FWIW I sometimes think the need to occasionally resolve software dependencies on your own has the hidden advantage of discouraging too much willy-nilly installation of software.
One problem with the distro repositories (and new software managers) is that it's often like turning a glucose addict loose in a jellybean factory. ("OMG! Just look at all this neat stuff! And it's all FREE!!! Hmm...now THAT looks cool. I wonder what it does?") And sometimes Linux's emphasis on freedom and the constant encouragement to "experiment" backfires.
I wish I had a nickel for every Linux newbie who installed something like Ubuntu and really liked what they saw, who then went hog wild installing everything
that looked even remotely
interesting (including adding PPAs to their soft sources without fully understanding the risks) and soon wound up with either a dodgy or totally 'pooched' system.
Very often, these same people will then remove Linux from their machines, and begin posting everywhere they can about how "stupid" and "broken" and "bug-ridden" and "not ready for the desktop" Linux is.
Too bad they conveniently forget how you can also bring a Windows machine to its knees by getting a little too crazy installing as much freeware as you can get your hands on.
I had a client who was a freeware/demo junkie. About twice a year he totally roached his main machine doing that and called us to fix it. Last time out I counted 14 different file managers, four defrag utilities, five different antivirus/antil-malwar utilities (three of which had scanners simultaneously
active!), three different sync tools (also all simultaneously active), at least a dozen photo editors, god knows how many games, plus a bunch of other things too numerous to count (fonts) or too weird to be worth even looking at.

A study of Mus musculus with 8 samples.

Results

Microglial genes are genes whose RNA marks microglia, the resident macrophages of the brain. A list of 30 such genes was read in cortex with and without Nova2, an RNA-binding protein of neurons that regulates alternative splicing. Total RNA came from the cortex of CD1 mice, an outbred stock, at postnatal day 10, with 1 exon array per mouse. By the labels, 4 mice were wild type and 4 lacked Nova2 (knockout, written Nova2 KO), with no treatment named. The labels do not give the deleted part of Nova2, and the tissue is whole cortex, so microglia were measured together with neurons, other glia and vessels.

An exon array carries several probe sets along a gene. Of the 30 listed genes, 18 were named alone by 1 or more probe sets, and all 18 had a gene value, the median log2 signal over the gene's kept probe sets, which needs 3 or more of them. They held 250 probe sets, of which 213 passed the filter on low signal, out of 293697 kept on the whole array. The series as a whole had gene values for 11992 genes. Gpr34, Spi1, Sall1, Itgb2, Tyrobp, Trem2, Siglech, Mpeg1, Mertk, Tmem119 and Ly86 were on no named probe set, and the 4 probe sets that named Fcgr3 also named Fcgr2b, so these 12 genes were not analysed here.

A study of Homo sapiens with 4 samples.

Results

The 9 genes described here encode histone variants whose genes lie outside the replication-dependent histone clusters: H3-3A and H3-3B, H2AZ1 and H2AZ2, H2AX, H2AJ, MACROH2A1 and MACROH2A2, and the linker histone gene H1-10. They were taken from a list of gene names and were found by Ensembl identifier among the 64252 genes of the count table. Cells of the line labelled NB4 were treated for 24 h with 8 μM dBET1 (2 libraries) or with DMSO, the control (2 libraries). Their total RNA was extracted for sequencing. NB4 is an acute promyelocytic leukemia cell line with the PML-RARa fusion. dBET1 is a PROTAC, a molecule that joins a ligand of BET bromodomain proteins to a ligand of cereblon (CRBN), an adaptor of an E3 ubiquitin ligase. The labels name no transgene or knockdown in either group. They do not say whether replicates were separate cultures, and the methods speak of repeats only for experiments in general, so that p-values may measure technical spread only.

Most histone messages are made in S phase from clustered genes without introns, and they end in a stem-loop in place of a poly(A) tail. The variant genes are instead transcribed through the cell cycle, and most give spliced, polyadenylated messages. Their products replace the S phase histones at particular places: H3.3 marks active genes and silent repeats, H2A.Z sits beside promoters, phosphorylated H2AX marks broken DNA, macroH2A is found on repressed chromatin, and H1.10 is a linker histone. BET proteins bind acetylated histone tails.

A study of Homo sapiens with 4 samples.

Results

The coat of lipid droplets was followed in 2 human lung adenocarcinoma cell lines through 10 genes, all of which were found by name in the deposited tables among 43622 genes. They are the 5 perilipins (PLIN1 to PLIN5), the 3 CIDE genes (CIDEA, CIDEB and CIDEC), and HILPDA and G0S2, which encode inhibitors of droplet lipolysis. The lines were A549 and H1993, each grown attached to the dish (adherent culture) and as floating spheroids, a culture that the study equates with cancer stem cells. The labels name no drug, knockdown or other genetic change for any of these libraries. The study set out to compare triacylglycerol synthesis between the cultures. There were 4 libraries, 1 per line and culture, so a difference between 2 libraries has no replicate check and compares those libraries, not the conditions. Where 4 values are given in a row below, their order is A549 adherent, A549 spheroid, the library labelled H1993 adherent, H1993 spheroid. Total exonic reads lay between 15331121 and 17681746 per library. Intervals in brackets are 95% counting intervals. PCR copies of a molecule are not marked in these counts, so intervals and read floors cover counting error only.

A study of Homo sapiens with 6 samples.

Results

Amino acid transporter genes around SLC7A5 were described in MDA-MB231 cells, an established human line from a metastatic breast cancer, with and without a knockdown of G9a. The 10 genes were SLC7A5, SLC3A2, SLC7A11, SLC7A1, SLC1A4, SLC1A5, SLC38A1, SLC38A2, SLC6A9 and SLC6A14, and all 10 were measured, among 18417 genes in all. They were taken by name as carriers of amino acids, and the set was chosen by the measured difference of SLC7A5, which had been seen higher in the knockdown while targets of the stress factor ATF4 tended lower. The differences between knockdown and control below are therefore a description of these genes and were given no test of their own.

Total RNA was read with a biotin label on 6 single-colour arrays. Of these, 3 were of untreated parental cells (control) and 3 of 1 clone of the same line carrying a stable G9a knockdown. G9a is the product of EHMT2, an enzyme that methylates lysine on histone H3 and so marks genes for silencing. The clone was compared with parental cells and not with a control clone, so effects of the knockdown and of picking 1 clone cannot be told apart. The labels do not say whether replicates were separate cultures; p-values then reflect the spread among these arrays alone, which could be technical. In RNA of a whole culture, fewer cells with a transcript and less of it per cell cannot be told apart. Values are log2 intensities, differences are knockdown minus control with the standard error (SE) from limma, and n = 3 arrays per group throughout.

This guy was frustrated because his machine took something like seven minutes to get to the desktop on a reboot besides regularly freezing up on him once it did. (I myself was amazed he could get that poor little PC to boot at all.)
Oh yeah, he was also a regular user and firm advocate of registry 'fixing' and system tweaking utilities.
This is the same guy who was always protesting how software companies "must take their customers for idiots" and "treated them like children." Not that he really wanted
to learn anything. He was of the "these things should just work by now" school of thought.
People like that make me want to scream sometimes. (Although two
visits per year at full
onsite rate did go a long way towards easing my pain.
On the other hand, the people who make me want to scream almost all the time
are the ones who conveniently forget how dumbed-down Microsoft and Apple try to make their whole "user experience." Supposedly it's done in the name of "convenience" and "user-friendliness." However, a good part of their motivation is also to foster enduser dependence and platform lock-in.
Not to say Linux doesn't have its own problems. But stupid is as stupid does. And nobody (or at least not anybody born on Earth to human parents) comes into this world knowing
how to use this stuff. (Not even OSX - despite what Steven Jobs may have thought.) There is always a learning curve involved. Even if it's so ingrained that, by the time they're 12, most people forgot just how much they did
have to learn in order to use Windows.
So why should Linux be any different?